Advanced Field Methods in Water, Health and Development | CEE 277F | Autumn, Winter, Spring & Summer

Instructor & Department: Davis, Jenna | Civil and Environmental Engineering

Field methods for assessing household stored water quality, hand contamination, behaviors, and knowledge related to water, sanitation and health.

Advanced Topics in Multivariate Statistical Analysis | CEE 374X | Autumn & Spring

Instructor & Department: Davis, Jenna | Civil and Environmental Engineering

Analysis of experimental and non-experimental data using multivariate modeling approaches

Advanced Topics in Water, Health and Development | CEE 374W | Autumn, Winter, Spring & Summer

Instructor & Department: Davis, Jenna | Civil and Environmental Engineering

Advanced topics in water, health and development. Emphasis on low-and-middle-income countries. Class content varies according to interests of students.

Analyzing land use in a globalized world | ESS 170/270 | Spring

Instructor & Department: Lambin, Eric | Earth Systems Science

This course examines the dynamics of land use in relation to globalization. The objective is to understand how the expansion of global trade, and public and private regulations affect land use changes. The course will enable students to better understand how to effectively influence land use change, from different vantage points (government, NGO, corporate actor). The main emphasis is on tropical regions. Lectures introduce theories, practical cases, and evaluation tools to better understand contemporary land use dynamics.

Animals and Us | ANTHRO 34 | Winter

Instructor & Department: Seetah, Krish | Anthropology, Archaeology

The human-animal relationship is dynamic, all encompassing and durable. Without exception, all socio-cultural groups have evidenced complex interactions with the animals around them, both domesticated and wild. However, the individual circumstances of these interactions are hugely complicated, and involve much more than direct human-animal contact, going far beyond this to incorporate social, ecological and spiritual contexts.n This course delves into this complexity, covering the gamut of social roles played by animals, as well as the methods and approaches to studying these, both traditional and scientific. While the notion of `animals as social actors¿ is well acknowledged, their use as proxies for human autecology (the relationship between a species and its environment) is also increasingly recognized as a viable mechanism for understanding our cultural and economic past. It will piece together the breadth of human-animal relationships using a wide geographic range of case studies.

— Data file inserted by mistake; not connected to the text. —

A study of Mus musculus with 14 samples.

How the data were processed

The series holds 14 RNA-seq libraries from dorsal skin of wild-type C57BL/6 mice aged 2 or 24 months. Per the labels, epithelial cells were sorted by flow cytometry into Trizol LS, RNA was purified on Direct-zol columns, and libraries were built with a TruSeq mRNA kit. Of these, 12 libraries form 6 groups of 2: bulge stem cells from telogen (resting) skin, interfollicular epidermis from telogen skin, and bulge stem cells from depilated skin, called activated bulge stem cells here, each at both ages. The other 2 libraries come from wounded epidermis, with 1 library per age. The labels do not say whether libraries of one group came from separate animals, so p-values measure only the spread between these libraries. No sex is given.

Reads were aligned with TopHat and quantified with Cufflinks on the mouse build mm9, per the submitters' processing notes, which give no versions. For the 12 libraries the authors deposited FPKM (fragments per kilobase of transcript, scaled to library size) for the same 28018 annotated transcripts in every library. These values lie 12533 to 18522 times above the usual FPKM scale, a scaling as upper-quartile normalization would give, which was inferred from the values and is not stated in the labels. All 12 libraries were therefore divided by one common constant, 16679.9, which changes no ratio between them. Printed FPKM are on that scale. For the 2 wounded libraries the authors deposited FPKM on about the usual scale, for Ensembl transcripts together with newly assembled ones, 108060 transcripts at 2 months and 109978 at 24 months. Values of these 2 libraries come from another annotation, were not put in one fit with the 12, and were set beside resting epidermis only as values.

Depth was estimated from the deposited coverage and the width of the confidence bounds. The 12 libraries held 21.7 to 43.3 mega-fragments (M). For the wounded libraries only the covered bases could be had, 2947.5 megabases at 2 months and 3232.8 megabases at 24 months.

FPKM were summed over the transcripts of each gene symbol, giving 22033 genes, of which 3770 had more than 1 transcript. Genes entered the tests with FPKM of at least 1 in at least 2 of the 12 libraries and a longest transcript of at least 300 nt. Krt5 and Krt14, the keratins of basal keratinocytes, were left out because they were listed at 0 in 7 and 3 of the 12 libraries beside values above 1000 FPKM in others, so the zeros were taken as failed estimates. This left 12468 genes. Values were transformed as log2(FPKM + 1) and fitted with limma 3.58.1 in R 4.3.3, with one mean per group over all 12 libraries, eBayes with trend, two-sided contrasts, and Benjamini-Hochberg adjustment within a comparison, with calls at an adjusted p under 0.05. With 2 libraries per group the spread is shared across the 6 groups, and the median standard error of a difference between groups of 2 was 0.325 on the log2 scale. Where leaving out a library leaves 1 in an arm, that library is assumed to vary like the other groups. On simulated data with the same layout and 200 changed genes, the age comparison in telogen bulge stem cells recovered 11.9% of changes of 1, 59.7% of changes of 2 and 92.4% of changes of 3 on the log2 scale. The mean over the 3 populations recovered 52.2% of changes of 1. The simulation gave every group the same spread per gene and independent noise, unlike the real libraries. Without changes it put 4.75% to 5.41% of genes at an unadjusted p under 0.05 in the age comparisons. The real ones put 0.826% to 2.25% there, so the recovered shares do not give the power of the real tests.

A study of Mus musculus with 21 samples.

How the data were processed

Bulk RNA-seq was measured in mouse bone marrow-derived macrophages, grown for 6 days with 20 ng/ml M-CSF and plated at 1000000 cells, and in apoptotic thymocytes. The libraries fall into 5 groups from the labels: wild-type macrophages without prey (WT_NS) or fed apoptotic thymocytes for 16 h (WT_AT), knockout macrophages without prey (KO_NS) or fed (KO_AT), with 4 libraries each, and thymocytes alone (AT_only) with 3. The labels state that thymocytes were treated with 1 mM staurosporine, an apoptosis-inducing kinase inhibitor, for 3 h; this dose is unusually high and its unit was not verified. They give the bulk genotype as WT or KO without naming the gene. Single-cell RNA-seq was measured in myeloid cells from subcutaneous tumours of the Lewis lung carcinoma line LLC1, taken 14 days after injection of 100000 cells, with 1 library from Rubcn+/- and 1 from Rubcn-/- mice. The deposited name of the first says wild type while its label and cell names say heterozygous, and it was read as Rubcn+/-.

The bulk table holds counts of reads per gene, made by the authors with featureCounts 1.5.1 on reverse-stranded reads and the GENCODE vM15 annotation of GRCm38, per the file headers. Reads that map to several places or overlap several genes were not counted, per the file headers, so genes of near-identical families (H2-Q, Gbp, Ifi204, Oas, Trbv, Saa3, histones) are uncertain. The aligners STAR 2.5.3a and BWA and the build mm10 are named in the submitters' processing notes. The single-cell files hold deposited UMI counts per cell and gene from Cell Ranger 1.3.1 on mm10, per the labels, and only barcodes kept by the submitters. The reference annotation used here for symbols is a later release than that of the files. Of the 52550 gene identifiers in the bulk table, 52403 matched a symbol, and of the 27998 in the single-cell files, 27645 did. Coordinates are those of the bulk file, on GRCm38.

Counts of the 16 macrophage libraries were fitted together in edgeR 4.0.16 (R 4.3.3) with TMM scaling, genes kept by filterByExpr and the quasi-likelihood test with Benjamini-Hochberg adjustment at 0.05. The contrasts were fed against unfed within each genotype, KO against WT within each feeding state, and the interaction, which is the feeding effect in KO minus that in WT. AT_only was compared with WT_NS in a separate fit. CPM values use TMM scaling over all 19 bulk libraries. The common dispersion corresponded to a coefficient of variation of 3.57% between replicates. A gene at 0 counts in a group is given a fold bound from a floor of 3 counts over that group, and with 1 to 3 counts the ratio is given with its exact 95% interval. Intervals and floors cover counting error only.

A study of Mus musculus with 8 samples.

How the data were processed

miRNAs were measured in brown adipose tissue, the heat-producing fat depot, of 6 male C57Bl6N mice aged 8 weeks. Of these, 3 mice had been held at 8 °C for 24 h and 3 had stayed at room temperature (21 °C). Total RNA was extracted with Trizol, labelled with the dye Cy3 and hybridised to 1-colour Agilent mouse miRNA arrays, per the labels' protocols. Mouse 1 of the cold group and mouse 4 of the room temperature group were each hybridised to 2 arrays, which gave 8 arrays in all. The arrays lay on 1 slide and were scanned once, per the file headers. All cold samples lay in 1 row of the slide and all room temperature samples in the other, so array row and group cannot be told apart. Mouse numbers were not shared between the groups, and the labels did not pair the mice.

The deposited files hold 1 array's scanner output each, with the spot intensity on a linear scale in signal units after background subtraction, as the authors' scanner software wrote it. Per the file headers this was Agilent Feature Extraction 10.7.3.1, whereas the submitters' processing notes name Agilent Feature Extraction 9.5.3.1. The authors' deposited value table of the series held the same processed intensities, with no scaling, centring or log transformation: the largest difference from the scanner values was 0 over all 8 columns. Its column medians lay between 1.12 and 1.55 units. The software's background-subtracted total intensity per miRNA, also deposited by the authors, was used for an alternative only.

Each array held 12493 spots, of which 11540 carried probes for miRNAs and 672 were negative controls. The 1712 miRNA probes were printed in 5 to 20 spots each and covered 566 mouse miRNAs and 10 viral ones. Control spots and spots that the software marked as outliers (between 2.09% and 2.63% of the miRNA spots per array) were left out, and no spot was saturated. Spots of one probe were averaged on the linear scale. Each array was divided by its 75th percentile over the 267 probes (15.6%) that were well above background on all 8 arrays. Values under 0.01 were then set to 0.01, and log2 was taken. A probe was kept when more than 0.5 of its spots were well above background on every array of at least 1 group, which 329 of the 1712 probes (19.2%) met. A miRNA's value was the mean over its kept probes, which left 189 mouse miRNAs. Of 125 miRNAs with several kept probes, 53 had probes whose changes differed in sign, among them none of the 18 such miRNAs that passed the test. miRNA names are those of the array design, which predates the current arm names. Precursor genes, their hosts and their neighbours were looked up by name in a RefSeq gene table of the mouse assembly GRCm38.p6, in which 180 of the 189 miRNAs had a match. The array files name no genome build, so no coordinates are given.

Archaeological Methods | ANTHRO 91A | Autumn

Instructor & Department: Seetah, Krish | Anthropology, Archaeology

Methodological issues related to the investigation of archaeological sites and objects. Aims and techniques of archaeologists including: location and excavation of sites; dating of places and objects; analysis of artifacts and technology and the study of ancient people, plants, and animals. How these methods are employed to answer the discipline's larger research questions.

Artificial Intelligence: Principles and Techniques | CS 221 | Autumn

Instructor & Department: Ermon, Stefano | Computer Science

Co-instructors: Liang, Percy

Artificial intelligence (AI) has had a huge impact in many areas, including medical diagnosis, speech recognition, robotics, web search, advertising, and scheduling. This course focuses on the foundational concepts that drive these applications. In short, AI is the mathematics of making good decisions given incomplete information (hence the need for probability) and limited computation (hence the need for algorithms). Specific topics include search, constraint satisfaction, game playing, Markov decision processes, graphical models, machine learning, and logic.

Big Data for Biologists - Decoding Genomic Function | HUMBIO 51 | Autumn

Instructor & Department: Kundaje, Anshul | Human Biology

Co-instructors: Salmeen, Annette

Biology and medicine are becoming increasingly data-intensive fields. This course is designed to introduce students interested in human biology and related fields to methods for working with large biological datasets. There will be in-class activities analyzing real data that have revealed insights about the role of the genome and epigenome in health and disease. For example, we will explore data from large-scale gene expression and chromatin state studies. The course will provide an introduction to the relevant topics in biology and to fundamental computational skills such as editing text files, formatting and storing data, visualizing data and writing data analysis scripts. Students will become familiar with both UNIX and Python.

Biostatistics | BIOSTATS 141 | Winter

Instructor & Department: Zhu, Xiang | Biostatistics, Statistics

Introductory statistical methods for biological data: describing data (numerical and graphical summaries); introduction to probability; and statistical inference (hypothesis tests and confidence intervals). Intermediate statistical methods: comparing groups (analysis of variance); analyzing associations (linear and logistic regression); and methods for categorical data (contingency tables and odds ratio). Course content integrated with statistical computing in R.

Climate and Society | EARTH 2 | Winter

Instructor & Department: Burke, Marshall | Earth Systems

Co-instructors: Diffenbaugh, Noah; Lobell, David; Fisk, Jonathan

How and why is the climate changing? How might a changing climate affect human society? And what can we do to alter the course of climate change and adapt to any climatic changes that do occur? This course provides an introduction to the natural science and social science of climate change. The focus is on what science tells us about the causes, consequences, and solutions to climate change, as well as on how scientific progress is made on these issues.